Citizen-Sourced Solutions to Local Landscape challenges

Donna Udall discusses a new project to get citizen scientists involved in discussions about Welsh landscapes.

How do the local community feel about their local lands? How do they use them? How would they manage them? These are just some of the questions that the Centre for Agroecology, Water and Resilience (CAWR) of Coventry University will be asking people in and around Merthyr Tydfil this summer as part of a project grant funded by Natural Resources Wales (NRW).

The common lands and public forests of Wales are open to all for walking, running, climbing, sightseeing and wildlife watching. Now more than ever, these lands are vital in providing a mental and physical health service for locals and tourists alike. However, they are also farmlands and are important in providing food for humans and space for biodiversity. As the use of these lands changes, and in some places, intensifies, how can we be sure that all who need them get full access to enjoy them? Who better to ask than the public?

Our citizen scientists will be asked for their memories of how the Brecon Beacons and other landscapes in the area used to look years ago and how they used  those lands.

NRW and CAWR have launched a unique project to engage with the people of Merthyr and surrounding areas to find out how they used their local lands in the past, how they use them now, and what changes they would like to see in the management of common lands. The project team will be inviting locals from a diverse range of backgrounds to join our citizen scientist team. 

We will be getting in touch with many groups and organisations covering a range of ages, genders, orientations, abilities and ethnic diversities to join us as citizen scientists and participants in our project.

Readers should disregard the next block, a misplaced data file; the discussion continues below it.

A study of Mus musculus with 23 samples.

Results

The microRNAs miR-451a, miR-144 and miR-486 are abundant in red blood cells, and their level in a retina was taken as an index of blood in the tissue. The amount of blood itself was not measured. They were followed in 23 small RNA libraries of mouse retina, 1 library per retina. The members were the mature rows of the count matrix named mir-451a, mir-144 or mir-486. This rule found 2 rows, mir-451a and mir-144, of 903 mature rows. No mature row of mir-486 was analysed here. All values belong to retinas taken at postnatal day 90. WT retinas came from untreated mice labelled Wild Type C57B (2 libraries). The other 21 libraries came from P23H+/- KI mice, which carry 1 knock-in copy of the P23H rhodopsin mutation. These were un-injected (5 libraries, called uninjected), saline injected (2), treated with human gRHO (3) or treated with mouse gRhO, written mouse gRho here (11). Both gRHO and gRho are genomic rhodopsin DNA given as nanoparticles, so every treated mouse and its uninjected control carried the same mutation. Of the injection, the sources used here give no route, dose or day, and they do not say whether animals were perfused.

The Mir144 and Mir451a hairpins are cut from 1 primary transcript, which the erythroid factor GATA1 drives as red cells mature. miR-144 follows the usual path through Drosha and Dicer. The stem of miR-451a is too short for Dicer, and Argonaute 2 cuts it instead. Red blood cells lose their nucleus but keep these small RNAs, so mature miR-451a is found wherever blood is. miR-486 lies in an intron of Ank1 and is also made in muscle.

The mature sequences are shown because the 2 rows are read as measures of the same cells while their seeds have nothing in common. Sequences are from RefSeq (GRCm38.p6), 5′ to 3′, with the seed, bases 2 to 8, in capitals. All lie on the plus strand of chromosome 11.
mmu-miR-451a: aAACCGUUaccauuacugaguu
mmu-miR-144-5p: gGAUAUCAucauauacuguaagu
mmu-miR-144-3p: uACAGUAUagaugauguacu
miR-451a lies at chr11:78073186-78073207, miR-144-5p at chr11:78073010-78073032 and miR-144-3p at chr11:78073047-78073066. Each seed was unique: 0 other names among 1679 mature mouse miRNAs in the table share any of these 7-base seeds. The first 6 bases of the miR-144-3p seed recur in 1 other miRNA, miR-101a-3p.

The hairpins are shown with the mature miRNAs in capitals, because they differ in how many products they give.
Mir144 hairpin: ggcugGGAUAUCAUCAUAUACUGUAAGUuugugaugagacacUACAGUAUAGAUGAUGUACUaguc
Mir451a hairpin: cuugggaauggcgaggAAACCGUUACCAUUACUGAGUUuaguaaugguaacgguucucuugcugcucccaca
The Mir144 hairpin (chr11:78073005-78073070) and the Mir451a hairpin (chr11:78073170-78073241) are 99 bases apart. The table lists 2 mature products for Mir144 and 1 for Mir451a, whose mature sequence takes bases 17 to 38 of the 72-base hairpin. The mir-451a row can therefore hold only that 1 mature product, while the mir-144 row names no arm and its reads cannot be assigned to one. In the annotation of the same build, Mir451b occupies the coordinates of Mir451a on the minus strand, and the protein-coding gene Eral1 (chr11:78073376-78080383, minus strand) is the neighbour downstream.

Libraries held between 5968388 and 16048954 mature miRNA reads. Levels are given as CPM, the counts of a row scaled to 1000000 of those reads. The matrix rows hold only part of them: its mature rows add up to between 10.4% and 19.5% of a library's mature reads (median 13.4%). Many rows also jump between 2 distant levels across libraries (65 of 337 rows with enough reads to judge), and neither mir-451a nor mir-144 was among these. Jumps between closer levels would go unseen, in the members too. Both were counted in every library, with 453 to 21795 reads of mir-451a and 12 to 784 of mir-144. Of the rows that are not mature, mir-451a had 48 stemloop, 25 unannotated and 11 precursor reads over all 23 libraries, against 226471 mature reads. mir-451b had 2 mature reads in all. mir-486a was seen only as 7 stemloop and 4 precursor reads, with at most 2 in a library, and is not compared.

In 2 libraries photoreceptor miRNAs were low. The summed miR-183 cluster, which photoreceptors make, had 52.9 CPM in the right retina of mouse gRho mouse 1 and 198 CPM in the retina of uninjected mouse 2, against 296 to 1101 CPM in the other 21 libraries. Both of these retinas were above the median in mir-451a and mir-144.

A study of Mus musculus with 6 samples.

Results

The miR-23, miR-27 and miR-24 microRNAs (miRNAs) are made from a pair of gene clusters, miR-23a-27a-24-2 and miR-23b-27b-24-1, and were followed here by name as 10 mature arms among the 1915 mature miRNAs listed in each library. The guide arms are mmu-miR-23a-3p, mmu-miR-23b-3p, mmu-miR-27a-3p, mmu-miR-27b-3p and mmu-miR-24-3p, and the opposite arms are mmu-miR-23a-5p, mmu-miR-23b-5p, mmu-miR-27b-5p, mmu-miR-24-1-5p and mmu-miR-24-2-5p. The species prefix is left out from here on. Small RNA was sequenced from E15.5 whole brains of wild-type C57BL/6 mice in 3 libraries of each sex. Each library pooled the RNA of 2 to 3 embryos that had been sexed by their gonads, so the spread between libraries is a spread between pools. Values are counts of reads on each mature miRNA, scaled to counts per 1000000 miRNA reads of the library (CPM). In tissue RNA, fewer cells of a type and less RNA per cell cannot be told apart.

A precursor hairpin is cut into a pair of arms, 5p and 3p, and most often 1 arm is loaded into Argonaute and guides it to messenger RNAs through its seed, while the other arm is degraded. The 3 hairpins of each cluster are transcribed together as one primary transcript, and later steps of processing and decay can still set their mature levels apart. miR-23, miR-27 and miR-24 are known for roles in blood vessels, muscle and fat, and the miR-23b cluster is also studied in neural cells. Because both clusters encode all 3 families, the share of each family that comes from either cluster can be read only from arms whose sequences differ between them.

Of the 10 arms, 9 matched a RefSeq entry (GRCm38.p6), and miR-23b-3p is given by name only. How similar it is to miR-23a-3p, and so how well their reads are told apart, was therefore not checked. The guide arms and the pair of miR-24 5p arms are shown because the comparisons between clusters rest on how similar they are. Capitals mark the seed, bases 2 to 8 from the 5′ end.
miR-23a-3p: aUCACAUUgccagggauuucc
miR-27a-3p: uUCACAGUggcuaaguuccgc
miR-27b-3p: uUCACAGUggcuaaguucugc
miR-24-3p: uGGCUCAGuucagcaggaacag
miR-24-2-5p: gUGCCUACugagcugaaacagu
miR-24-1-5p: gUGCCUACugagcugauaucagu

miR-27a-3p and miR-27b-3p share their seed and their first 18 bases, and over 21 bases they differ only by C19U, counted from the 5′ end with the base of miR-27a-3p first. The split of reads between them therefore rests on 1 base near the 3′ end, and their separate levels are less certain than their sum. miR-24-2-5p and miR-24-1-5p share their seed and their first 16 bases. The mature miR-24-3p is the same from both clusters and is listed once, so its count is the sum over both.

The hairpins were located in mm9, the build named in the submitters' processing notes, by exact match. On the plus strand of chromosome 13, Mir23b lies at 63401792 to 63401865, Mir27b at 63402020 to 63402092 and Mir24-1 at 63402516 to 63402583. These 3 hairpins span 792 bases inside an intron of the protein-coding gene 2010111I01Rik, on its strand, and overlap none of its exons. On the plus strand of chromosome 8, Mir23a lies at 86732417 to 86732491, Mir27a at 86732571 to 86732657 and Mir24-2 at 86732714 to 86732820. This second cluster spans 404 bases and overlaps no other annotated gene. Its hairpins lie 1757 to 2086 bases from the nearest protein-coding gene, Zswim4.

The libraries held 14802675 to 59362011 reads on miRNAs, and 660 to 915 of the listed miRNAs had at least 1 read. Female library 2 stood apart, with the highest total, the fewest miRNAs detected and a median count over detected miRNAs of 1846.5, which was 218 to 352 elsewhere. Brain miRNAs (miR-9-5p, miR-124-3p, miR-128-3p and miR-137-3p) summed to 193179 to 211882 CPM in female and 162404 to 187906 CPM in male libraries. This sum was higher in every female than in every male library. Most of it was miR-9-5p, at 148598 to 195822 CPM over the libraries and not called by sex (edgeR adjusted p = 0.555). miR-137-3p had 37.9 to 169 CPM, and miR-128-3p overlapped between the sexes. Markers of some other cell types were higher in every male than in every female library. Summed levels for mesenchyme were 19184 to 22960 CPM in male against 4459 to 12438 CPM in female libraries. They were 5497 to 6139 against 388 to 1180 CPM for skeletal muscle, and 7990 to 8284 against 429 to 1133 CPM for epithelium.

Our citizen scientists will be asked for their memories of how the Brecon Beacons and other landscapes in the area used to look years ago and how they used  those lands. They will also have the opportunity to share how they would like to use them now, using a range of media, including a postcard app we will set up for the project and train participants to use. This app will allow people to record a photographic memory of their favourite spot in the Beacons on the front of the card and then, on the back of the card, what that spot looks like now and how they would change it.  Participants will also be able to use our solution shorts videos where they can record themselves showing their favourite spot in the landscape, what challenges they have accessing it and how they would change it (training will be given for this too). 


Some citizen scientists will also receive training from Pori Natur a Threftadaeth (PONT) who promote conservation grazing schemes using different animals – like cows and ponies. They will train our scientists on restoration grazing, livestock and people in the country. Once we have gathered all the views from our participants, we will develop websites and an art installation at an appropriate venue.  These will capture the views and ideas on landscape management of the people of Merthyr.  If you would like to be one of our participants, get in touch by writing to [email protected]


Donna Udall is a Research Assistant at Coventry University's Centre for Agroecology, Water and Resilience.